140-plus gather to discuss blueberry farming implications in the Nambucca Valley

Benita Shuh and Raewyn Macky from the Nambucca Environment Network, the group which organised Wednesday night’s meeting about blueberry farming.

MORE than 140 people gathered at the Macksville Ex-services Club last Wednesday night to discuss problems associated with blueberry farms in the Nambucca Valley.

The meeting was attended by two Nambucca Valley Council members – Susan Jenvey and David Jones – and was organised by the newly formed Nambucca Environment Network (NEN).


Many of the community held concerns about health, property values, and the ecology of soils and waterways in the Nambucca Valley.

When one speaker proposed that blueberry farmers go “organic” the room erupted in cheers, indicating that one of the main problems perceived by this group was the use of non-organic pesticides and chemical fertilisers by some intensive farming operations.

Some attendees raised concerns that industrial style blueberry farming destroyed land for future use and that patches of land used in this way now sit sterile and empty in the Woolgoolga area north of Coffs Harbour.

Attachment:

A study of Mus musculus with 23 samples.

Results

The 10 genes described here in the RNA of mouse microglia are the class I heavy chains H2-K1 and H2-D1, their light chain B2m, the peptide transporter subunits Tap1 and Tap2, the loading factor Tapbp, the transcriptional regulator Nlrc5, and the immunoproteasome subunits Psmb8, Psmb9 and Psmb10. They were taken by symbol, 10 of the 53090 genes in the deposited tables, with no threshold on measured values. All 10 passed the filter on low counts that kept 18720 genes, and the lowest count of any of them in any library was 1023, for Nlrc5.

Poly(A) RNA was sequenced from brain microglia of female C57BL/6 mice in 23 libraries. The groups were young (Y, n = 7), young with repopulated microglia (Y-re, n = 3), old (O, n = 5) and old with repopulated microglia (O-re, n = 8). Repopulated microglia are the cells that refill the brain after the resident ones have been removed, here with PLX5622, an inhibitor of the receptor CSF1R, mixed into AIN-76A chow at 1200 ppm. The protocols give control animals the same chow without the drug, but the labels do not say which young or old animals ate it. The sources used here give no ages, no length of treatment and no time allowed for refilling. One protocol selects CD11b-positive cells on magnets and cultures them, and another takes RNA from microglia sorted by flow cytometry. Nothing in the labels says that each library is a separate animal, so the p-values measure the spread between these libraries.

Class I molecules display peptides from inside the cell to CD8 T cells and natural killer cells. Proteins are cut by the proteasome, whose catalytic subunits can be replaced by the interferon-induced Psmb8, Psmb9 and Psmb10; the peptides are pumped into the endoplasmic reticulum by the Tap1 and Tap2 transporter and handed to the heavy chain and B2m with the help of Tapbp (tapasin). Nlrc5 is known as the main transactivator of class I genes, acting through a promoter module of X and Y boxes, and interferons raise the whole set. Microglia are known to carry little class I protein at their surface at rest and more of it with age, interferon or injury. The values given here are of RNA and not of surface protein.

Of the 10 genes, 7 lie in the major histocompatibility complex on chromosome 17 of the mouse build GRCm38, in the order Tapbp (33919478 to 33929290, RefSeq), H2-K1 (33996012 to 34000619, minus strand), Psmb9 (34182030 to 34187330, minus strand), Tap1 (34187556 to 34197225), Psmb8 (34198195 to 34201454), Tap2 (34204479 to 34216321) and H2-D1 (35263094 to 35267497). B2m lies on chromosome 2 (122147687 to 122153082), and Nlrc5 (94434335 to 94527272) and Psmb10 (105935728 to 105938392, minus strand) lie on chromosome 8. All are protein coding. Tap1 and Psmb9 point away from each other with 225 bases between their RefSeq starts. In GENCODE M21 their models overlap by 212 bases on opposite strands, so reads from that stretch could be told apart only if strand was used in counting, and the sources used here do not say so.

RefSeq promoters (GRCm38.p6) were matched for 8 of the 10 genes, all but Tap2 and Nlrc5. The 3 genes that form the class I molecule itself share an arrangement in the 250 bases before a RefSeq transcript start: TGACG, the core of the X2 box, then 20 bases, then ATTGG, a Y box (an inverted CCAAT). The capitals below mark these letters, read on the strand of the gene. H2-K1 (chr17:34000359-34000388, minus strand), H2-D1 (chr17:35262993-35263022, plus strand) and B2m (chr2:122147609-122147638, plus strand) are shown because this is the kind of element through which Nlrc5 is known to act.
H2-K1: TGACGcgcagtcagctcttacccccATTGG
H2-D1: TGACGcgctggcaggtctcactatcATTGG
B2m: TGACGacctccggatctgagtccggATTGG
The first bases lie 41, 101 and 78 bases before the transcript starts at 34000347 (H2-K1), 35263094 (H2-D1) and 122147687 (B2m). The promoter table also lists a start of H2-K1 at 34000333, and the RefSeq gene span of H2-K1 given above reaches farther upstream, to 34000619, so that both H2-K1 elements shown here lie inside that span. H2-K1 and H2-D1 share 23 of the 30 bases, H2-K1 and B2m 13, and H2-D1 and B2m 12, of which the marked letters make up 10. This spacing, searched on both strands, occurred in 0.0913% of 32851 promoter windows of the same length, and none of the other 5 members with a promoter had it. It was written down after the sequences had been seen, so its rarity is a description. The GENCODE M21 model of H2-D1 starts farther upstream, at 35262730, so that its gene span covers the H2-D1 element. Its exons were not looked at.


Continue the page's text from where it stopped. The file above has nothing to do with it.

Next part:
Councillors Jenvey and Jones each took a turn to address the crowd, attempting to explain problems Council faces in trying to limit or control blueberry farming in the area.

“I’m very passionate about sustainable agriculture,” said Councillor Jenvey.

“Who wants to see a paddock of black plastic?” she added rhetorically.

While admitting there was not much that could be done by Council about blueberry farms which are already in existence, Councillor Jenvey said “going forward, we can do better in future”.

She also reminded attendees that councils were limited by state legislation on horticulture in agricultural zones.

Ms Jenvey encouraged the audience to write to State Government ministers concerned with agricultural and planning matters.

Public frustrations with perceived legislative inaction on the issue boiled over into shouting or uncontrolled emotions several times, prompting calls for calm from within the audience.

News Of The Area contacted one real estate agent from the Woolgoolga area, who did not wish to be identified, to confirm some of the details raised regarding land values and the unsaleability of land previously used for blueberry farming.

In more than a dozen years of selling real estate and working in the Woolgoolga area, the agent had never heard of land that was unsaleable and ‘dead’ after blueberry farming.

He said the area had previously held a lot of banana plantations and these had now been converted to blueberries only over the last ten to fifteen years.

None of these properties usually came up for sale, being still in use as blueberry farms.

For those who wish to participate in discussions on blueberry farming, a Facebook page has been established and can be found through a search of Nambucca Environment Network or at www.facebook.com/groups/24524666243813967/.


Nambucca Valley Councillors Susan Jenvey and David Jones addressed the crowd at Macksville Ex-Services Club.